Amazon has officially halted its plans to extract a two percent fee from Prime sellers who don’t use its in-house fulfillment. The company reportedly planned to start collecting the fee on October 1st, on top of the 8-to-15-percent commission it already gathers from merchants. After Bloomberg broke the story today based on information it had seen from inside Amazon, we reached out to the company to verify the decision.
Amazon PR manager Jonathan Hillson told The Verge in an email that “the 2% Seller Fulfilled Prime fee was intended to cover our costs,” but added that the company decided not to move forward because it was afraid “seller sentiment related to the fee” could affect participation in the program.
Hillson went on to say Amazon is “committed to supporting sellers’ success, which includes listening to their feedback.” According to a Bloomberg report, Amazon didn’t offer an explanation for the fee when it told merchants about it in August.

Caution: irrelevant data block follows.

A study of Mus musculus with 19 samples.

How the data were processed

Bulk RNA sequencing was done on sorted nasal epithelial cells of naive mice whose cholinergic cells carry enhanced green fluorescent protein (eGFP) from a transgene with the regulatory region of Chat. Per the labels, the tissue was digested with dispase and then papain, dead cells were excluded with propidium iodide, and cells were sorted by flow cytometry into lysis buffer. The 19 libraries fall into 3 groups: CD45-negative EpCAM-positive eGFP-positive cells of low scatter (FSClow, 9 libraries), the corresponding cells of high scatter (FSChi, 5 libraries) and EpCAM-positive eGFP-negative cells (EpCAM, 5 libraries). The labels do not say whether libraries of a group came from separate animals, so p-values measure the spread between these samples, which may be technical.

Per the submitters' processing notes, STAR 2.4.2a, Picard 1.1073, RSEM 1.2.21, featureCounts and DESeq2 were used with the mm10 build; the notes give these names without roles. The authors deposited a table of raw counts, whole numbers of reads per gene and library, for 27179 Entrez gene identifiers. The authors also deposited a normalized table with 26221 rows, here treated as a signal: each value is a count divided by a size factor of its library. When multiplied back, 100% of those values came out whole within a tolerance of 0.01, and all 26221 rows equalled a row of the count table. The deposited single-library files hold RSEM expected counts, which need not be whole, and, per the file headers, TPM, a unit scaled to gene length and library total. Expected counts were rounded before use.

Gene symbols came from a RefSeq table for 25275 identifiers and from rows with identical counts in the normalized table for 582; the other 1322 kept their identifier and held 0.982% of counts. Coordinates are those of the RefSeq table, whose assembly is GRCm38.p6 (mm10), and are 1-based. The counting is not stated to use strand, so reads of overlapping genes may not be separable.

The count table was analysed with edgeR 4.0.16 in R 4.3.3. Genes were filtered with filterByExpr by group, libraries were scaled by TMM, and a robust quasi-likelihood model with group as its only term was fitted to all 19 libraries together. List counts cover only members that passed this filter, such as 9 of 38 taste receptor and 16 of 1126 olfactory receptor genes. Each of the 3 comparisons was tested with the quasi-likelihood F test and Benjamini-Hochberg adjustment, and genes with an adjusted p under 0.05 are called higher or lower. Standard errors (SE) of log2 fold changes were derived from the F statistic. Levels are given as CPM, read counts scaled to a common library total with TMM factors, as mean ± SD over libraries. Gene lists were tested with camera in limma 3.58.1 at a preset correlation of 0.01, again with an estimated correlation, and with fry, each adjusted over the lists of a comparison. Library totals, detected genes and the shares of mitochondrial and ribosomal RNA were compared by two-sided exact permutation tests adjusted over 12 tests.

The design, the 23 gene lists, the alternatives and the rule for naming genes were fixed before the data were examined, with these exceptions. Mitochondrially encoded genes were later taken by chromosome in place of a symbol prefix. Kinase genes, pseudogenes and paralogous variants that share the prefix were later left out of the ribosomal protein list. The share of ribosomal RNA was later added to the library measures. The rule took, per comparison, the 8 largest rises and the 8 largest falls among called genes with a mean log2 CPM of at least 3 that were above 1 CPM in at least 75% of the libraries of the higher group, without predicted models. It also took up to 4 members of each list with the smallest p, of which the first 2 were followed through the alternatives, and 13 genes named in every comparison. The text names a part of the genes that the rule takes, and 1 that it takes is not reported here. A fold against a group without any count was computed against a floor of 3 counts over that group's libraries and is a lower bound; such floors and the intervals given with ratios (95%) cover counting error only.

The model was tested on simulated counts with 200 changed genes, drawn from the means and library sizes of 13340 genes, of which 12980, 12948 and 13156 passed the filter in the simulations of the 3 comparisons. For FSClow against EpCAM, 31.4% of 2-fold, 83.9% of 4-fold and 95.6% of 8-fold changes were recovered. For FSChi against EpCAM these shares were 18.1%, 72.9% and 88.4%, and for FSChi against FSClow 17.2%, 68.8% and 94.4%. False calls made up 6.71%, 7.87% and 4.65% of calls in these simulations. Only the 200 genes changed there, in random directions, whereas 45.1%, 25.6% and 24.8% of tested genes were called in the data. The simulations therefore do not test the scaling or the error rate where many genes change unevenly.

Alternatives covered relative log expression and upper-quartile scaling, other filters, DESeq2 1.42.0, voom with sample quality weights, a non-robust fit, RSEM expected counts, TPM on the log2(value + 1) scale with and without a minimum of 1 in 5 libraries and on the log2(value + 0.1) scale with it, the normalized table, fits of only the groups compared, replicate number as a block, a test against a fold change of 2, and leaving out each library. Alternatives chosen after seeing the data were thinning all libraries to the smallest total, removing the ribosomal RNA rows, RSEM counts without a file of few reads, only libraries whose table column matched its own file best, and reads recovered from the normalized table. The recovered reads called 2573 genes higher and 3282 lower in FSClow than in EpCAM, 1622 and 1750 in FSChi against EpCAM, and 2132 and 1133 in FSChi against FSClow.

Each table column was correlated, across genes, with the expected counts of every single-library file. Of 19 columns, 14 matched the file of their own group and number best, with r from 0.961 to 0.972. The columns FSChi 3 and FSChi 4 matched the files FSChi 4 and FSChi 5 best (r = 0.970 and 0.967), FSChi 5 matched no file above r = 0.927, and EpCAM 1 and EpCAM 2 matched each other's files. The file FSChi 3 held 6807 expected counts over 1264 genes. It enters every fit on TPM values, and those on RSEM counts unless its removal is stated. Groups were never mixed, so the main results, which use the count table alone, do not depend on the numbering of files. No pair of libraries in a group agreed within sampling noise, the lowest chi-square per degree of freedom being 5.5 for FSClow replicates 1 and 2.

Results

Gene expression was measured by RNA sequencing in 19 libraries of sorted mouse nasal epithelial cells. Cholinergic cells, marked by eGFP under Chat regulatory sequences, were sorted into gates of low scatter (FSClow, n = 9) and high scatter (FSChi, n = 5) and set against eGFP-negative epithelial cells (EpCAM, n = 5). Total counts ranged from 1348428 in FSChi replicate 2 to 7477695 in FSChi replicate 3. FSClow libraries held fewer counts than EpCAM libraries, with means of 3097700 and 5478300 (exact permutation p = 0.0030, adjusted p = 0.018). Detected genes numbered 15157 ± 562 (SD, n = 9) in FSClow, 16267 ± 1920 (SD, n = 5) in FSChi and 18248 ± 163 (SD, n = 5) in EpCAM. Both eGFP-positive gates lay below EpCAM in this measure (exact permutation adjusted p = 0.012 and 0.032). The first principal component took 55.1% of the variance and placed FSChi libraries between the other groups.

The charge would have only affected those in the Seller Fulfilled Prime program, which gives sellers the option of continuing to ship their own products without giving up the coveted “Prime” label that comes with the one- to- two-day delivery promise. This might appeal to companies who want more control of their products’ handling rather than passing them off to another company’s increasingly unhappy employees.
The Federal Trade Commission is planning a lawsuit alleging Amazon is forcing its sellers into arrangements they’d rather not be a part of. The FTC is expected to file an antitrust lawsuit pinned on that very idea. The regulator is already suing the company over allegations that it tricks customers into signing up for its Prime service.
Update September 20th, 2023, 7:40PM ET: Updated with a link to Bloomberg’s reporting.